Posted on: 8th October 2020
The wild seascape image which Tamzin has auctioned to raise funds towards Hookpods work
Photographer Tamzin Henderson volunteered her time in June to take a trip out on board a New Zealand fishing vessel using Hookpods, to take some footage of pods in action. This is taken from her blog on her return. The picture above was auctioned for $250 which she has very kindly donated towards Hookpods work developing seabird mitigation trials around the world.

You can see more of Tamzin’s beautiful work at her blog site:


September 15, 2020

It was only as I walked across the tarmac at Blenheim airport, on the way to join the FV Commission that the impending trip really dawned on me. I knew nothing about surface long lining, about tuna fishing, about Mike Te Pou and The Commission, about the East Cape, in fact I didn’t even know much about the Hookpod that I was there to photograph, but having spent what felt like all of 2020 land based, I was just keen to get back out on the water. In hindsight, a quick check of the forecast may have been wise, or it may have put me off the Wild East completely.



2020 was to see us celebrating the first World Albatross Day (19th June), and with that comes added attention on seabirds, their distribution, habitat and of course threats. This also meant increased visibility for fishing methods such a surface longlining. World Albatross Day was timed perfectly with a trip out with Mike for a week or so chasing Southern Bluefin. It would be my first trip off the East Cape, on a surface longliner, and on a small commercial vessel (I’ve become quite accustomed to the larger trawlers). I was really keen to learn, not just about the protection the Hookpod offers, but with my business owners hat on, what it meant for the guys running them. Are they a viable mitigation device for our fleet?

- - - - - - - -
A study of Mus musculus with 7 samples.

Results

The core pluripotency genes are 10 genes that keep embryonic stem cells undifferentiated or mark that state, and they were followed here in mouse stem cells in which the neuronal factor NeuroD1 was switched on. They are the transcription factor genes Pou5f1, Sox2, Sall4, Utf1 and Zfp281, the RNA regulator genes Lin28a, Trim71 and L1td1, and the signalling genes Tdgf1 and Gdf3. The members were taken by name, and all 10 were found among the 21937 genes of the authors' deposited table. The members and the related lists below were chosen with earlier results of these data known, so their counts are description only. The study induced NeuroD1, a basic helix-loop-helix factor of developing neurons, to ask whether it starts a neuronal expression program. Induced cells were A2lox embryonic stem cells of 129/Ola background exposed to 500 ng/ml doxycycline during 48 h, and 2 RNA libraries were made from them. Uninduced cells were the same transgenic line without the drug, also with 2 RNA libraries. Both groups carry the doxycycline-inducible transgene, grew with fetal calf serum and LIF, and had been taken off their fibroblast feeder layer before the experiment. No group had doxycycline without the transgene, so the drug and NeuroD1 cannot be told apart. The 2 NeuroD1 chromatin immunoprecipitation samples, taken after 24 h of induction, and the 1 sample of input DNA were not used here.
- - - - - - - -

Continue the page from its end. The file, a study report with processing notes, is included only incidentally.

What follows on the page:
In typical Tamzin fashion, I was feeling a little seedy by the first night set, and my condition only improved once I was back on land 10 days later. I didn’t expect to encounter the swells we did off East Cape, but as mentioned above, I didn’t know what to expect at all. I’ve long mastered the art of seasick induced fasting/functioning though, so it was quickly back to the job at hand, photography. Mike has been running Hookpods for around 5 years as an alternative to weighted lines. Watching the boys efficiently set and haul the 2000 hook lines surprised me, Hookpods did very little to slow the process down which was my biggest question.



I sat through almost every haul, not just to photograph but out of pure curiosity. I saw my first Southern Bluefin, my first Swordfish, my first Moonfish, and a Peruvian Oil fish. It was truly fascinating watching these pelagic fish being hauled on to deck. I watched with interest as the hooks were removed from blue sharks and they were released back alive, as each tuna was bleed and gutted as soon as it arrived on deck, with far more care than I’ve ever seen even on rec vessels. I watched seabirds that I haven’t seen for years (like the Campbell Albatross) hover with interest over the vessel, but not a single bird was harmed, Mike hasn’t caught one all year. I put myself on pocket petrel (Storm Petrel) patrol, and threw these gorgeous wee birds back into the night after the crash landed on deck. 


Being self employed, and navigating Covid-19 as business owners, my sister and I quickly adopted the philosophy of ‘Adapt or be left behind’ and I truly think Mike, and Commission owner Wayne Kusabs live by this. There have been massive changes happening across this industry, and no doubt more to come but a willingness to change, evolve and adapt is what will keep the industry moving forward into this more eco-aware, and conservation conscious world. 

Thanks for reading, and feel free to contact me with any questions you maybe have about photography, fishing or future projects.